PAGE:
Code of conduct to undergo changes

Code of conduct to undergo changes

Oliver Chronicle

A code of conduct for Town of Oliver employees is undergoing some changes.

On Tuesday, council reviewed the draft document that outlines what behaviour is expected of staff members.

Chief Administrative Officer Cathy Cowan said they researched different codes of conduct in other municipalities to help fashion the one in Oliver. (A code of conduct already exists for council members and the Oliver Fire Department.)

Cowan said the policy speaks to the ethical standards of employees, compliance with the law, gifts and favours, conflict of interest and use of public resources.

For example, employees must not accept any money, property or favour of any kind from anyone who has dealings with the Town. Furthermore, they must not disclose confidential information concerning Town affairs.

In addition, employees must declare any direct or indirect interest in any enterprise that proposes to do business with the Town.

And employees are not permitted to use Town resources such as equipment, supplies or facilities for private gain or profit.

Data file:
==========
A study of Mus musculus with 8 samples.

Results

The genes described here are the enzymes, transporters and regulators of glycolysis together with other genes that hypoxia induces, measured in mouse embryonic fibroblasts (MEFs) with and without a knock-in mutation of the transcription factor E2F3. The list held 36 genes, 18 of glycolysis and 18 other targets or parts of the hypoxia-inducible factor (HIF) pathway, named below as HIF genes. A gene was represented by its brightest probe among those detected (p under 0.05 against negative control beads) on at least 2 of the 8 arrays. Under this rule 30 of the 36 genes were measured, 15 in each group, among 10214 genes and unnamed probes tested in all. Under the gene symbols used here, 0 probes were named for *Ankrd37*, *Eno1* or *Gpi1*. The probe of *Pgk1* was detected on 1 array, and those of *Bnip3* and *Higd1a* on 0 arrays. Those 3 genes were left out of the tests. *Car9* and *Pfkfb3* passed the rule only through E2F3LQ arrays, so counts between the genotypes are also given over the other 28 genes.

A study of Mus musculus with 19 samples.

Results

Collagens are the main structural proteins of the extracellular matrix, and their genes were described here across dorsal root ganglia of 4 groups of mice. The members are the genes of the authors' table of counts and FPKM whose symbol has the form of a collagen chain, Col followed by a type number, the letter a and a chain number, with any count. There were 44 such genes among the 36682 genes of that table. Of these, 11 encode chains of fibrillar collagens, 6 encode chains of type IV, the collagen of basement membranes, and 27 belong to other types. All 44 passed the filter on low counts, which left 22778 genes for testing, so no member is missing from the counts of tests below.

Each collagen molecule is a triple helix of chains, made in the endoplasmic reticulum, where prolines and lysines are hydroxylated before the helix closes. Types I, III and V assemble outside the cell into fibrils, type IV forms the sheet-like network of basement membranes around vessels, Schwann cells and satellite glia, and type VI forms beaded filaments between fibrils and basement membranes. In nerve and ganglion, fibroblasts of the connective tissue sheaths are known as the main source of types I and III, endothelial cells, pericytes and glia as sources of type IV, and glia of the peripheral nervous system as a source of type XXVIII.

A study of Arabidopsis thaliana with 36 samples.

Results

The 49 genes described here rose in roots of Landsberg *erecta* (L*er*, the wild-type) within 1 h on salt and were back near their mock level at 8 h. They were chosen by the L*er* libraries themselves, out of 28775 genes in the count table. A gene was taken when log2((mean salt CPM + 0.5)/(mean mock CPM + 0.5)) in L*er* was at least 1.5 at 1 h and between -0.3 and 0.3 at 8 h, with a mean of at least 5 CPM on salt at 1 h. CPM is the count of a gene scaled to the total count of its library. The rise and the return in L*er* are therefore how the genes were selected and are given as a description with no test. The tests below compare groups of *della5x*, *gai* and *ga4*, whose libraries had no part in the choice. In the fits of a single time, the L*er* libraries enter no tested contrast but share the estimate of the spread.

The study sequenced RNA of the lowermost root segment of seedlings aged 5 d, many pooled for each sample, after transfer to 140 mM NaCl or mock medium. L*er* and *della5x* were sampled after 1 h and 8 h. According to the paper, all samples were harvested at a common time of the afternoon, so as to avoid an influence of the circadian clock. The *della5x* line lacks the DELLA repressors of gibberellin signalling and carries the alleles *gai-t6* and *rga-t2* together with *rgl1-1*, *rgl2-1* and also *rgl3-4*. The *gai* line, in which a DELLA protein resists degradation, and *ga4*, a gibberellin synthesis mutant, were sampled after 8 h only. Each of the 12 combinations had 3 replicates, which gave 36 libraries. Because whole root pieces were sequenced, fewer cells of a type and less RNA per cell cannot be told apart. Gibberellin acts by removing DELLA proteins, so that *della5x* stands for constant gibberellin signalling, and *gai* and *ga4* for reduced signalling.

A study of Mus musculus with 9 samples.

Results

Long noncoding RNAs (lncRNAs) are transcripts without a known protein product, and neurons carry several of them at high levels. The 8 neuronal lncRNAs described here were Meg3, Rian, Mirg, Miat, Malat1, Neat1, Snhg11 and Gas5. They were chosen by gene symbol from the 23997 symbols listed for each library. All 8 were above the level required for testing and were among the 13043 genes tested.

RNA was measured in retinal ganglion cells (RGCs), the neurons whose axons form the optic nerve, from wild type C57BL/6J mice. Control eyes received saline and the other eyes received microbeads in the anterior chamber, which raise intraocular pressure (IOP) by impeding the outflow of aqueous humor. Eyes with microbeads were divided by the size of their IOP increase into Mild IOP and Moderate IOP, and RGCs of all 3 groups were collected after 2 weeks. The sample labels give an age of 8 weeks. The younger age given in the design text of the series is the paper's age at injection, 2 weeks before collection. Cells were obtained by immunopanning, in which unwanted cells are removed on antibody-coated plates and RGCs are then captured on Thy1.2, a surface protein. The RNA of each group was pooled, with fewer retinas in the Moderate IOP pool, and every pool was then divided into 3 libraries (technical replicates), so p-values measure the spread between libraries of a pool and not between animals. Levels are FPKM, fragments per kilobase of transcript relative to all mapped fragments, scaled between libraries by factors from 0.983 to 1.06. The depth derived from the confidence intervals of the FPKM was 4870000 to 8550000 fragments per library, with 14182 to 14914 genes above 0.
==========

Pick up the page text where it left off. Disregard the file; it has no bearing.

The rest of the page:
After reviewing the document, Councillor Dave Mattes raised a couple of concerns, which staff will address with possible changes to the policy.

See Also: Firefighters update code of conduct

He said employees should disclose to the Town if they have “outside jobs,” noting that staff should be aware of this.

“If employees have a second or part-time employment, it should be disclosed to ensure there is no conflict with their employment at the Town,” Mattes told the Chronicle.

His other suggestion is to ensure that all employees, particularly non-union, have representation if they happen to break the code.

“If you’re brought forward for discipline, you should be represented,” Mattes said.

Cowan said if anyone wants representation during a proceeding, they usually have a lawyer with them.

Councillor Larry Schwartzenberger said Mattes’ concern is an easy fix by simply adding his suggestion to the policy. He noted any employee can bring legal representation to a hearing if they pay for it.

Cowan said staff will research Mattes’ suggestions and bring the policy back to council.